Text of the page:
Gutenberg is in WordPress core today. It may be a baby, but visual builders have been around for a while. Gutenberg joins the ranks of Divi Builder, WPBakery Page Builder, Elementor, Beaver Builder, and many others. How did we get here?
Visual builders allow for the non-technical creation of beautiful pages. They range in versatility, but you often have the ability to add columns, add an assortment of pre-built features like a slider or newsletter signup and configure specific styles at the block/module level. All without coding. It’s a great business proposition, one that has stuck, given their prevalence.
A visual builder offers a special user interface in either the WordPress backend (admin), frontend, or both for users to create content. But do we need one? It depends. And it should be part of planning your WordPress website. Here are some considerations?
When can a visual builder help me?
A sound business case is if I have a small business website that will have dynamic pages like the home (new content, updated slides, routine color changes, etc.), and the admin maintaining the website doesn’t have a technical background. Maybe the home page will have several interactive elements or will need to scale. It will be easier to find an all-in-one solution in a visual builder than adding a bunch of plugins. However, if speed is your need and you don’t envision the pages changing that much over time, coding page templates is more ideal.
What theme / visual builder combination should I use?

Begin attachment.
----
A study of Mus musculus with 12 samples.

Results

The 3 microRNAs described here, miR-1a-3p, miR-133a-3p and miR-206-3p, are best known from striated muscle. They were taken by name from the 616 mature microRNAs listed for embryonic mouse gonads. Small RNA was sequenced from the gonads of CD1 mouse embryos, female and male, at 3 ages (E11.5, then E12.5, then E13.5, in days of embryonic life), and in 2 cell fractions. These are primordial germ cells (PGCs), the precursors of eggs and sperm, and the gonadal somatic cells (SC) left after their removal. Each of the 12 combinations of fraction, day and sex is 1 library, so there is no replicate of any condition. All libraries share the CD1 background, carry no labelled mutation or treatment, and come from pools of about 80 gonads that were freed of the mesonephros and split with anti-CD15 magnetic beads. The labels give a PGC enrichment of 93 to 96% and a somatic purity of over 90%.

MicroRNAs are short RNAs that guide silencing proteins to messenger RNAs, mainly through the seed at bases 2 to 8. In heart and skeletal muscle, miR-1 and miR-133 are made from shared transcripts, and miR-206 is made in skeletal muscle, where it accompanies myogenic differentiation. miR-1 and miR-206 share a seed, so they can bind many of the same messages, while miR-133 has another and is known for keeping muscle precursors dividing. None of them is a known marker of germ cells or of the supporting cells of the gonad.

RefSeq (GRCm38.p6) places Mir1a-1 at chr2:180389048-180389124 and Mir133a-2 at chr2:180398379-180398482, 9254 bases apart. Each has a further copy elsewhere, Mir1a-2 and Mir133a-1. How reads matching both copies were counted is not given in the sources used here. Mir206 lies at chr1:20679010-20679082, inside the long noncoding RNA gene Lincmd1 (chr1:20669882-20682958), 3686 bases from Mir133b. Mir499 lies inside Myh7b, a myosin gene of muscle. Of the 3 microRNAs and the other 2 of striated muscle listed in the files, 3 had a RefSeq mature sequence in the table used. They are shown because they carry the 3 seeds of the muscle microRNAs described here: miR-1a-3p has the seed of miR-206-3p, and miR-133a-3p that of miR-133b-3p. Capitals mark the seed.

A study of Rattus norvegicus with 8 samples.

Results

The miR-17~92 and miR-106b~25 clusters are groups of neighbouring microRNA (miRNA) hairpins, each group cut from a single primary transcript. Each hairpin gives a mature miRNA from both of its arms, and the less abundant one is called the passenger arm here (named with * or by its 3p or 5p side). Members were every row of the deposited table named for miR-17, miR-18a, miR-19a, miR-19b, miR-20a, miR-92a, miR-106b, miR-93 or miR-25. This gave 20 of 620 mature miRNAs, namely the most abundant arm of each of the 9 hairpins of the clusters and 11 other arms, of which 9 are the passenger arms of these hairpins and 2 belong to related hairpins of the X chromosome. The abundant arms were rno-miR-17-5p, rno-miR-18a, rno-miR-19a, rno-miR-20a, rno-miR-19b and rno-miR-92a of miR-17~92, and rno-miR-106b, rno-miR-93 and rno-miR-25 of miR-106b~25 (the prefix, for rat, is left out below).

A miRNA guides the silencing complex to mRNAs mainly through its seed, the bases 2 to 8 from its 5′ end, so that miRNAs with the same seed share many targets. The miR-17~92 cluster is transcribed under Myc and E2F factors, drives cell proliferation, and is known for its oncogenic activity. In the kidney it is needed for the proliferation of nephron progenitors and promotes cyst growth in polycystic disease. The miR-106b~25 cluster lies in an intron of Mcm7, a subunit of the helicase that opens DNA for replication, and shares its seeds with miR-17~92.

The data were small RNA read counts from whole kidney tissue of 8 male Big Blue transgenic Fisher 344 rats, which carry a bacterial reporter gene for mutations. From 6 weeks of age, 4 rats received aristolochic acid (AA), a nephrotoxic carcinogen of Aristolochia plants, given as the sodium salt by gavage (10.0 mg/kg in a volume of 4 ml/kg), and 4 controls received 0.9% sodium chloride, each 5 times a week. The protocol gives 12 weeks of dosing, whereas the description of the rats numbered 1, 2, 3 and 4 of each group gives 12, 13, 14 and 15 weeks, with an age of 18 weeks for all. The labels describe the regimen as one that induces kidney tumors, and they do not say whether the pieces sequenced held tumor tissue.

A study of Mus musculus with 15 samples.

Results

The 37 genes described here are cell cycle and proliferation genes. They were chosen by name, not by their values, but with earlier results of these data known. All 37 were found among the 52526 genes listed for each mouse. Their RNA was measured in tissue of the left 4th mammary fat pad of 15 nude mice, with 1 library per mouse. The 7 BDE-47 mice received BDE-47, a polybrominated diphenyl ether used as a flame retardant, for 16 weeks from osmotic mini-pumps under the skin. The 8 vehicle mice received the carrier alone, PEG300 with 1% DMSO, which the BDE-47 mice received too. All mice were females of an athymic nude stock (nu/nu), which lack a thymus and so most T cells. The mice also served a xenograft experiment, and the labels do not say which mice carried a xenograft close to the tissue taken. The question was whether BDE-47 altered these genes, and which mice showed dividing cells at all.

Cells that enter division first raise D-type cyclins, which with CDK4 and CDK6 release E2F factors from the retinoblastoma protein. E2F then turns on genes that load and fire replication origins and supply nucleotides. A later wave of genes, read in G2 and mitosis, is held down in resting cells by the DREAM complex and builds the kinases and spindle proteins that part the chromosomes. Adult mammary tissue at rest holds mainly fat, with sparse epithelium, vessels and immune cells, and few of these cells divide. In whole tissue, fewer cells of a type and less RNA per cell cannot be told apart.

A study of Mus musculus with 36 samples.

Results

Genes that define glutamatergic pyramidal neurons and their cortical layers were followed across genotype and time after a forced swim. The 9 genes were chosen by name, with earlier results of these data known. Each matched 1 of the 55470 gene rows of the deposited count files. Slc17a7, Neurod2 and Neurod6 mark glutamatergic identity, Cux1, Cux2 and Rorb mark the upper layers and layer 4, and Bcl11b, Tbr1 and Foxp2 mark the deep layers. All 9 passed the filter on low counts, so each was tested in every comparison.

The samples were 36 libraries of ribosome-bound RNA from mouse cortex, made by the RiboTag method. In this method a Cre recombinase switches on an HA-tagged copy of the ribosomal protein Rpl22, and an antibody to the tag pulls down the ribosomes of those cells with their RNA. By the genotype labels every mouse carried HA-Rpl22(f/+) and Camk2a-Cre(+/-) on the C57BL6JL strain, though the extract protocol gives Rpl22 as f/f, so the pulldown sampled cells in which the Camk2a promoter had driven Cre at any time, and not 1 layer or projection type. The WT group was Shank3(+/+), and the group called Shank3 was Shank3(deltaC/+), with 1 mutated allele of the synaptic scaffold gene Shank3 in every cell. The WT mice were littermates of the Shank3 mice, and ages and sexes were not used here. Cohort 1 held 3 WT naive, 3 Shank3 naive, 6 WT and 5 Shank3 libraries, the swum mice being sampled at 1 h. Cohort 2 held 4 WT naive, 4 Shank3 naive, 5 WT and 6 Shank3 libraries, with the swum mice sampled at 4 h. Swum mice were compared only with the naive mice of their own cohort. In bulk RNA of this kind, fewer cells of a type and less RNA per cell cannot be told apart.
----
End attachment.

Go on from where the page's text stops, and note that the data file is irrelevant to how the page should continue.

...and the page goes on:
Compatibility is first and foremost. In the wake of Gutenberg’s release, it may take some time for your theme of choice to release a version that plays nice with the visual builder. The theme may also come pre-packaged with one. In this case, it makes the most sense to leverage the visual builder that comes with the theme. But if you would rather not be locked in to a certain builder or aren’t sure if you will use one at all, a theme that doesn’t have one integrated may best suit your needs.
Where can a visual builder help me?
Editors like Gutenberg can be great for creating unique one-off pages like home and contact. You can often choose pre-formatted layouts and color schemes to quickly stand up a site. Adding interactive elements like sliders, maps, newsletter signups, etc. is simplified when your visual builder is worth its salt.
These editors aren’t that useful as templates for something like blog posts, products, or events. Your posts and other content types outside of pages won’t be so sophisticated that they need their own dynamic custom layout. It’s likely more ideal that blogs and other dynamic content have a consistent look. Adding a visual editor to the mix may bog down your writing process. You can reasonably rely on a more bare bones editor to add and format text and images.
What to look for…
Above all else, the visual builder you select should be well-supported. If you’ve made the decision to use a builder, remember that there is a time investment to learn it. You don’t want to be stuck with one months down the road that is being decommissioned. Outside of that, the matter will come down to your priorities. Do you want the one with a bunch of elements/modules and third-party plugins? Try the WPBakery Page Builder. Do you want the one that’s very intuitive? Try the Divi Builder. Give Elementor a review for an up-and-comer choice.